Sony Nad’s Legends Forever series is a welcome development.
Gems of IndiaSome of the CD covers from the Legends Forever series.
Technology may have wrecked our lifestyle, spoiled our posture, encouraged piracy, and irrevocably affected the guru-shishya tradition. But if there is one good thing we can thank technology for, it is that recorded sound has acquired a longer lease of life. Technological advancements have spelled better and better news for music enthusiasts. As methods of recording, preserving, copying and broadcasting music improve, even the line between tangible and intangible heritage blurs. Now we can savour the ineffable drama of the moment and preserve it for posterity too. For those who collect such gems, Sonynad, the classical music label of Sony BMG, has come out with a whole treasure house. Legends Forever, a classical music series, features a range of stars of the 20th Century.
The series includes maestros who are still with us and those who have passed on. Among the latter are the late shehnai maestro Bismillah Khan, tabla wizard Allah Rakha and the tragically short-lived sitar exponent Nikhil Banerjee. The featured sitar concert of the maestro is the one he played at the Law Auditorium, University of Chicago, in 1984, two years before his death in 1986 at the age of 55. A full fledged concert, the performance elaborates the raga Surdasi Malhar, with an alap and jor are followed by a Masitkhani gat in Teen tala and a drut gat in Teen tala. Tabla is by Abhijit Banerjee.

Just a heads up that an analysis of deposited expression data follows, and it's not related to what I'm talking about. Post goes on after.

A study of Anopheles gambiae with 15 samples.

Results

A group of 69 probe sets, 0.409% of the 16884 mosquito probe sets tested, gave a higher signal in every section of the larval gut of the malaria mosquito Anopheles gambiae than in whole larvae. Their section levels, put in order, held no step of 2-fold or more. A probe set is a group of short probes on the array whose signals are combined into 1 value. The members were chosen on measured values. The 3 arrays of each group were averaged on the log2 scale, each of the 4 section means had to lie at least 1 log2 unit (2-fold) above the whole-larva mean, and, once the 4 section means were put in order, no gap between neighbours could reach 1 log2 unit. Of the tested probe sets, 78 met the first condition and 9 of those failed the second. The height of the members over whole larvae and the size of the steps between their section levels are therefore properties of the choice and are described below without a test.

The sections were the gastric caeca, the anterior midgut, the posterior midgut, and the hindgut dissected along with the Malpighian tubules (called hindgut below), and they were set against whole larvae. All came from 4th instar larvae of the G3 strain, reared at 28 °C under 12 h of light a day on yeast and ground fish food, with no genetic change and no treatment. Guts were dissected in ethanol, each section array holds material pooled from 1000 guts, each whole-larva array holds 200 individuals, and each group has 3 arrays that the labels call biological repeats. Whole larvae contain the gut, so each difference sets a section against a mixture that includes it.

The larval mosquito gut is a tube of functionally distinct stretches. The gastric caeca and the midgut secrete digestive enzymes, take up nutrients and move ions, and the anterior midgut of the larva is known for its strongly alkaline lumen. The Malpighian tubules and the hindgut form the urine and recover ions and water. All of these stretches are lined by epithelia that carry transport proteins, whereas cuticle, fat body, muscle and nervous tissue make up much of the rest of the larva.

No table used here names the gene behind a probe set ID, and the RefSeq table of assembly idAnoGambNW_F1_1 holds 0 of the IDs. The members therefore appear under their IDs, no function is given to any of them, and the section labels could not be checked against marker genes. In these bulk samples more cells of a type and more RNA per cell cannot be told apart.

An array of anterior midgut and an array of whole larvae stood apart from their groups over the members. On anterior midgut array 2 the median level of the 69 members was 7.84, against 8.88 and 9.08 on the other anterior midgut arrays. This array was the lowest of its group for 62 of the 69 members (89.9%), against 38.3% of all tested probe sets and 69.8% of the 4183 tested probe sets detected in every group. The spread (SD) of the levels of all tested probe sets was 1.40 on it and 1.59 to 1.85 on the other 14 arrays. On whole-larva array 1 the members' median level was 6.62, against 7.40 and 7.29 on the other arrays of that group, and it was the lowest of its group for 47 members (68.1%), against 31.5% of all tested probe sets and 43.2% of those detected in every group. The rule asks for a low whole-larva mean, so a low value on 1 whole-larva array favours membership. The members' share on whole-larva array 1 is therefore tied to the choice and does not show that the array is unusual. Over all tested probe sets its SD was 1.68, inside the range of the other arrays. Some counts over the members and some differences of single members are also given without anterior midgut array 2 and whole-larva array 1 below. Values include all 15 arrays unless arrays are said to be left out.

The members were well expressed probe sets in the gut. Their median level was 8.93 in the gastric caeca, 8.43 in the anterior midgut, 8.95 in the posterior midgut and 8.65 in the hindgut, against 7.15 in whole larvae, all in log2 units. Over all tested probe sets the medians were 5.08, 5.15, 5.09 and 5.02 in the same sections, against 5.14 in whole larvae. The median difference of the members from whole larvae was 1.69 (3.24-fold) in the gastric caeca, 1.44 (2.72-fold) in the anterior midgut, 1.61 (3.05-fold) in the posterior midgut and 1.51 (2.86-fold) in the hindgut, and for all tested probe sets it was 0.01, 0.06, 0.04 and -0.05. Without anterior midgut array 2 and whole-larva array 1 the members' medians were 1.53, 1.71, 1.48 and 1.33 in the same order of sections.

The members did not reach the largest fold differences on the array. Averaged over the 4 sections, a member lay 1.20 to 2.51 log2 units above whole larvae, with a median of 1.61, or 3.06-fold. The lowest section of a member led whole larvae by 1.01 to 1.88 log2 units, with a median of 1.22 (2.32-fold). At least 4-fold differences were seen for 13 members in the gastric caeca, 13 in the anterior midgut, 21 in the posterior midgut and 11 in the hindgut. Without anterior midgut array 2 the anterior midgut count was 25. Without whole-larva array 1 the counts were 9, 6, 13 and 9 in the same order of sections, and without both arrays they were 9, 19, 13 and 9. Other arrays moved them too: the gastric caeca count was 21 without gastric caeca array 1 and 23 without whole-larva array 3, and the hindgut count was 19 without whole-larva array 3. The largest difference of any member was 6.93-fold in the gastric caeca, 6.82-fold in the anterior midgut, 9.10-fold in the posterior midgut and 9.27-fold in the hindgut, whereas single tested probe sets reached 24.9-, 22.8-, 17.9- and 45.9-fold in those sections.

The recording of Allah Rakha features the Ustad with his illustrious son, a star himself, Ustad Zakir Hussain. Zakir also features in other albums, including the santoor concert with Shiv Kumar Sharma, and a live recording of a Kathak recital by Pandit Birju Maharaj.
The series evokes some nostalgia, not only for the ustads who are no longer on this earth but also for the heady ’70s and ’80s, when Indian classical music was making waves in the West and across college campuses of India. Many of these musicians were moving into the limelight after years of struggle and taking their place as idols for young and old alike. The cover pictures also showing them all looking young — Abida Parveen looking slim with short hair, Rashid Khan before his hair turned white, and Hari Prasad Chaurasia before he lost so much of his, to name a few.
Chaurasia’s and Sharma’s partnership that caught the public imagination with their hit LP, “Call of the Valley” is celebrated with “The Valley Recalls”, a live recording of the duo’s special thematic concert of compositions like “Peace”, “Love”, “Harmony” at the Nehru Centre, Mumbai, in 1995. Pandit Jasraj’s devotional fervour is immortalised in the album featuring “Om Namo Bhagawate Vasudevaya”, “Gopalaniranjanam” and others.
Diamonds, they say are forever. So are gems like these.